25 March 2015

Ed Miliband’s constitutional proposals are more popular than you’d think

New research shows that Miliband's approach to constitutional reform is more popular than the right-wing press would have you believe. He must be louder about it.

By Daniel Kenealy

On the day after voters in Scotland rejected independence both David Cameron and Ed Miliband set out plans to change how England is governed. The Prime Minister linked further powers for Scotland to the issue of English Votes for English Laws (EVEL). Miliband called for a Constitutional Convention, comprising members of the public and representatives of civic society, to consider the broader issue of how the UK is governed.

Since then William Hague has brought forward a proposal to implement EVEL, with the Liberal Democrats offering their own variant. Labour has not backed the Hague proposals and, having offered up a weaker version of EVEL towards the end of 2014, seems content to let the issue move out of the spotlight.

Beyond the EVEL discussion, the period since Scotland’s referendum has seen George Osborne form an alliance with some of Labour’s local government grandees in Greater Manchester. The result: the ‘Devo Manc’ proposals to devolve nearly £8 billion of public expenditure to the city-region. Worryingly, these developments have taken place with little public consultation or engagement. Labour, in 2014, planted themselves firmly on the ground of devolving powers to city-regions. Aside from recently being caught flat-footed on the issue of devolving the NHS budget to Greater Manchester, Labour appear to remain committed.

One of our colleagues has suggested that Labour need to back EVEL in order to assert themselves as a party that understands the importance of England as a whole as a political unit. Our findings – from a survey of over 7,400 people across the UK including more than 4,000 in England – suggest a more nuanced picture and one in which EVEL is no silver bullet response to the so-called ‘English Question’.

EVEL remains a popular policy across England. More than 70% of people in all English regions who express a view on this issue (except Greater London) support EVEL. Unsurprisingly people identifying with the Conservative Party (84%) and UKIP (86%) are overwhelmingly supportive, Labour identifiers somewhat less so (59%).


So, whilst EVEL may be popular, Miliband should make more of his package of proposals for reforming how the UK is governed. Our survey suggests that he is closer to public attitudes than he is being given credit for.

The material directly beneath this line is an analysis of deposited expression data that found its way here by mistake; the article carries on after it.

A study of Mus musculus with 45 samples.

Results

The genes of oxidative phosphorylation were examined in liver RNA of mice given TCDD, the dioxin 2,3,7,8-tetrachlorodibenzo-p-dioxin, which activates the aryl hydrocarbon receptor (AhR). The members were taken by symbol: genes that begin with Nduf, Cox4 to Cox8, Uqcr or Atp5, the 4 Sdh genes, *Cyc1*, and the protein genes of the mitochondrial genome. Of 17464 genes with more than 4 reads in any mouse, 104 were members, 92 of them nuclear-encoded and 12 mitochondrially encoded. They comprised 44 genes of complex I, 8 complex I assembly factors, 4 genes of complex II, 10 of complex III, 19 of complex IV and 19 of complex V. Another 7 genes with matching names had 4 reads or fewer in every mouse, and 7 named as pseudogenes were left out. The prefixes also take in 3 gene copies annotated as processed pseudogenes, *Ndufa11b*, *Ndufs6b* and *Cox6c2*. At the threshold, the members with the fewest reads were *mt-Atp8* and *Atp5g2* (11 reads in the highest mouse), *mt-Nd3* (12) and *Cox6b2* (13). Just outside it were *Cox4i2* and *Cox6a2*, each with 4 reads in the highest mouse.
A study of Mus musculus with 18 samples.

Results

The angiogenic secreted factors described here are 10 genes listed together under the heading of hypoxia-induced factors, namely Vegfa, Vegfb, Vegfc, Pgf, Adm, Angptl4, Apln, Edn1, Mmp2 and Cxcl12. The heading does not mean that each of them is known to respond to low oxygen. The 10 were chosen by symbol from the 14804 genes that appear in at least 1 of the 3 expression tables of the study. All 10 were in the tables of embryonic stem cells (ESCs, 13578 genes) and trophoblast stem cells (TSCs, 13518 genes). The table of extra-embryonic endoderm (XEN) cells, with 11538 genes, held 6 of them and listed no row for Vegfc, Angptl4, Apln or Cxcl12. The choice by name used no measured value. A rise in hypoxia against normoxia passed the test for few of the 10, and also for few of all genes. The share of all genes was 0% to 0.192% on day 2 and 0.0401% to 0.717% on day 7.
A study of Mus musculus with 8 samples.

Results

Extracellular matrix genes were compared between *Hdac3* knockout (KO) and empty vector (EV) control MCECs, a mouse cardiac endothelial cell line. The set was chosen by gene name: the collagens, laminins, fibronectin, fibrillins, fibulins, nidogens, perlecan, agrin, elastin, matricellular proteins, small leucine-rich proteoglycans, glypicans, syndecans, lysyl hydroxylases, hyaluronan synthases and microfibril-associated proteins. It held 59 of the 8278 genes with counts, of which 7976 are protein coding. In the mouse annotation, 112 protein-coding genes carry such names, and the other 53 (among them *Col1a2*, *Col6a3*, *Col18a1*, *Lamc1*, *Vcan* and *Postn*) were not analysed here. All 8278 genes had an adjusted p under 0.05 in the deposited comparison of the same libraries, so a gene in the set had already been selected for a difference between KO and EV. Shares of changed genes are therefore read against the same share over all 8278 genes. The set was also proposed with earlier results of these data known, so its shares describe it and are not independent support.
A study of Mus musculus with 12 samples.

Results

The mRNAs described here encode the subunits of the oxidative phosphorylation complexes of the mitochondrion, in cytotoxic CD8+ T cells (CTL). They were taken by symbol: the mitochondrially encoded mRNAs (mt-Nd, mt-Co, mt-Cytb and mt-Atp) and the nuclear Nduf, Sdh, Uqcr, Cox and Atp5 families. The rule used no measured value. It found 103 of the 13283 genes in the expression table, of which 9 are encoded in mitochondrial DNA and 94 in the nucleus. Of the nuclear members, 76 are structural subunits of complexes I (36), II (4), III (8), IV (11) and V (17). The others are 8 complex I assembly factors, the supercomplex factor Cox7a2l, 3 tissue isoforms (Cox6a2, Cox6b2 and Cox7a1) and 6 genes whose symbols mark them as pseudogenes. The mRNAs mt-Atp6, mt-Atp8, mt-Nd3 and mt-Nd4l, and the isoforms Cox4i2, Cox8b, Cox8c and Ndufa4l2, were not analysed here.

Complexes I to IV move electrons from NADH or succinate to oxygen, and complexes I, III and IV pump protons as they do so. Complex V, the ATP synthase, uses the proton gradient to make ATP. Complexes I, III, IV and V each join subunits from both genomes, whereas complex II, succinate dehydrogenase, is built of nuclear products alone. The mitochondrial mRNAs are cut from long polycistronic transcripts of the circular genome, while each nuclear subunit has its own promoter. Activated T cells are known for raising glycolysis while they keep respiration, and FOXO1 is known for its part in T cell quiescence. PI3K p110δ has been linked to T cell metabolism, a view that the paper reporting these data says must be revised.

Accommodating some form of regionalism – so often written off because of the failed 2004 referendum – is a good idea. 50 per cent or more of people across all English regions support propositions for regional assemblies. City regions are also similarly popular with 50% or more in each English region supporting more powers for such regions. Whilst the precise structure and scope of sub-national government in England remains to be determined what is clear is that people do not see EVEL and some form of regionalism as mutually exclusive.

There are thus two facets to the English Question. The first is about England as a single unit being properly represented in the governance of the UK. And for that, EVEL may well be the answer. The second, just as important, is about decentralisation. And for that, voters actively favour various options.

The best way to move forward, amidst a degree of fluidity amongst attitudes and a general acceptance of various possible options, is a Constitutional Convention as suggested by Miliband in September. With 44% of people in England saying we spend too little time discussing how we govern ourselves, and only 27% thinking we spend too much time, the evidence is of a public ready and willing to engage. Indeed 60% of people in England support the establishment of such a convention (and only 1 in 10 oppose it) and that number is similarly high in Scotland, Wales and Northern Ireland.

The bottom line is this: our survey shows an England ready and willing to talk about how they are governed, open to various governance arrangements that decentralise power in England, and keen to see some variant of EVEL implemented. Ed Miliband’s proposals tick those boxes. It’s time Labour started to shout a bit more loudly about them.